I was once sitting in the pastor’s office doing my sermon preparation and one of the members of the church passed by the door and noticed me highlighting my commentary and writing notes in the margins. He stopped and said, “You know, you shouldn’t write in your books. Instead, you should get a separate sheet of paper and write your notes on that. Then you can tuck away your notes inside the book without marring the book itself.” I thanked the person for his kind advice, he walked away, and I kept on highlighting and writing in my book. I didn’t do this out of spite or arrogance, but because I had made a purposeful decision to do so.
Let me frame the matter in a slightly different manner: Would you ever encourage a ditch-digger not to get dirt on his shovel? This was essentially what I thought the kind person was asking me to do—don’t get any intellectual dirt on your nice clean book! For someone who doesn’t do serious study for a living, I can see the point. You don’t want potentially to mar your nice expensive book. But if, on the other hand, you’re trying seriously to study the book, then marking it up is vital to processing the information within.
There have been scads of studies on the history of marginalia—comments written in books. Moreover, there are other studies that I have read that address the superiority of reading paper books vs. e-books. You can’t physically interact with an e-book in the same way you can with a physical copy. When I write and highlight in my books, I’m not just reading—I’m carrying on a conversation, a dialogue, with the author. I highlight important points. I often write descriptive comments in the margin to remind me what the author was discussing, but I also often carry on discussions and ask questions. All this amounts, not merely to reading the material, but thoroughly digesting it.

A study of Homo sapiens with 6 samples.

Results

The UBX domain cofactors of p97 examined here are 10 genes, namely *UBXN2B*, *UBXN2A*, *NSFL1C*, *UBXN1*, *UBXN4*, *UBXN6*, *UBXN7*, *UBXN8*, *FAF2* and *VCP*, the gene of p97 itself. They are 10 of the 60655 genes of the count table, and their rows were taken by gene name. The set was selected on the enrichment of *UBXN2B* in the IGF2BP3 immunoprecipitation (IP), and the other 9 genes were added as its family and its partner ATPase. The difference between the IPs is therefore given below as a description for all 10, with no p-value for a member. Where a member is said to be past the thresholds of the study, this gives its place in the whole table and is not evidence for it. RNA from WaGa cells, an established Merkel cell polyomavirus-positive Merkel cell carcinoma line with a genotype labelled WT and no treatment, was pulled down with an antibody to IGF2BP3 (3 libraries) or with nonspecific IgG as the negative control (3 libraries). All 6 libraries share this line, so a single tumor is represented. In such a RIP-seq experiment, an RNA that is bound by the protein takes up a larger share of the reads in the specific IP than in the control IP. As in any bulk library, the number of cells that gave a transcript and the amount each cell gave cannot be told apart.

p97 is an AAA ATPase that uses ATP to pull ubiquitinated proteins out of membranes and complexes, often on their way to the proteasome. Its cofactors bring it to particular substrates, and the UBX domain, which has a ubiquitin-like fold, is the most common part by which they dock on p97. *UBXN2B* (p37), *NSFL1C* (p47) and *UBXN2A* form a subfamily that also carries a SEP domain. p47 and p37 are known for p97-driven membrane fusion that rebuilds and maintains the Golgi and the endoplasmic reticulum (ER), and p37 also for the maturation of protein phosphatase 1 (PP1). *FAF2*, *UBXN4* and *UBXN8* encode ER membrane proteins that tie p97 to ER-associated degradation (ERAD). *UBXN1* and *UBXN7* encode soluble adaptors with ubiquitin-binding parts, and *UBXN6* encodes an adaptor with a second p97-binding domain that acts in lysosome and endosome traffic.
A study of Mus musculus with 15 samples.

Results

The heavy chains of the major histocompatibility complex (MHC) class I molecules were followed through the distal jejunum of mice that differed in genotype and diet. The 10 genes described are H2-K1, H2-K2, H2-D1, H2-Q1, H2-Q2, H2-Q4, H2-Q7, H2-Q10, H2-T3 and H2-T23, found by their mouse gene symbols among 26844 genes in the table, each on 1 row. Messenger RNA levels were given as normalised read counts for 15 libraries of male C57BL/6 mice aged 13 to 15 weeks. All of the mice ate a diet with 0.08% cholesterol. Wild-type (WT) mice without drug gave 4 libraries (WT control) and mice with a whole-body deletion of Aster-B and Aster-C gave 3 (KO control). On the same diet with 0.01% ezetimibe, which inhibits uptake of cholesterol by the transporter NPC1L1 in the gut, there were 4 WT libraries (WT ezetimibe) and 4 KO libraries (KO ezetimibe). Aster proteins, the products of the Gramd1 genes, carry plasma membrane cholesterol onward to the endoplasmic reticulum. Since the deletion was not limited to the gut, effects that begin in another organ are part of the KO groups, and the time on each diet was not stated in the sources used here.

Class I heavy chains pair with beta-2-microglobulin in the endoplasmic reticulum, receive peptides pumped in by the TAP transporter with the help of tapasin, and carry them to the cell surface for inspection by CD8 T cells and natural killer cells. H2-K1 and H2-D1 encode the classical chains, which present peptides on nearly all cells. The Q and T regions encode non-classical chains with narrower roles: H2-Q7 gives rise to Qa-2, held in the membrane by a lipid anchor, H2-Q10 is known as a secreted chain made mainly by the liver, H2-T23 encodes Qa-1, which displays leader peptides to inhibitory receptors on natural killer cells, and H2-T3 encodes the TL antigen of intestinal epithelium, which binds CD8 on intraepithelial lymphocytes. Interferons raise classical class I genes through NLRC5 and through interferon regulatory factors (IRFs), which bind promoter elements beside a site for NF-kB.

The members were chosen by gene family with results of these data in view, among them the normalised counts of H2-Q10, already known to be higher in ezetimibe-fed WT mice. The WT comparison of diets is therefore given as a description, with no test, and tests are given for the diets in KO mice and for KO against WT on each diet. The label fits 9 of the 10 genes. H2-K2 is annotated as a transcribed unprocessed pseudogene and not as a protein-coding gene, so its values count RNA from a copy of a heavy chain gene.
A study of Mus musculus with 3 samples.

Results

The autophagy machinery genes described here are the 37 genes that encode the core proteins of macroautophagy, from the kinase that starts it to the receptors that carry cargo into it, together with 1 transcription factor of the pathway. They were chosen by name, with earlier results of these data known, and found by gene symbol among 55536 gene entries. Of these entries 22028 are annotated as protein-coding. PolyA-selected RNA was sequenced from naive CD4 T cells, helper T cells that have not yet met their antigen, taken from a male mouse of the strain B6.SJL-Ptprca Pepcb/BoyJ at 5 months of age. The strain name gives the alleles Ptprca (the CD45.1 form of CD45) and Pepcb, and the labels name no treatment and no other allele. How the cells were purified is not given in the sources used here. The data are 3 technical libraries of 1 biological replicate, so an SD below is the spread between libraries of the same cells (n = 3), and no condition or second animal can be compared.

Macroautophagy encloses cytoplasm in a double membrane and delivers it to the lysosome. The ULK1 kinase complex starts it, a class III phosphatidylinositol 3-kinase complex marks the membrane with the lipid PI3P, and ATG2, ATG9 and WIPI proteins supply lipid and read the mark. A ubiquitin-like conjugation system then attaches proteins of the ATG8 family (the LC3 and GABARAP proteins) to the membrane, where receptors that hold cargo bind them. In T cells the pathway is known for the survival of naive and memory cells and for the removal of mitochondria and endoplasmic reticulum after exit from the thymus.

So, should you mark up your books? In my humble opinion, absolutely! Mark them up! Buy physical copies of books of importance, highlight it, and write in the margins. See how your comprehension compares merely to reading without marking in an e-book. Moreover, if it’s a challenging book, ensure to highlight in one color. When you go back to read the book again at some point in the future (which you should do if you really want to learn the material), highlight in a different color. You might just be surprised at the things that jump off the page. There's one book that I’ve read three times (it was a tough read—Vos’s Pauline Eschatology—he wrote it in Dinglish, i.e., Dutch and English). Anyway, the first time I read it I hardly highlighted anything (I used yellow). The second time I read it about a year later, I highlighted a few more things (I used blue). The third time a read it, I’m not sure what happened, but it was like the scales came off my eyes and I was practically painting each page with the highlighter (I used pink). It seems like virtually every page had pink highlighter on it. I can visually see how I learned more with each reading of the book.
So, don’t be afraid to mark up your books! The ditch-digger doesn’t fear dirt on his shovel, the marksman doesn’t fear gunpowder on his rifle, and the carpenter doesn’t fear sawdust in his shop. The dirt, powder, and dust are signs of someone hard at work. So use your books, mark them up, converse with the author and truly digest what you read.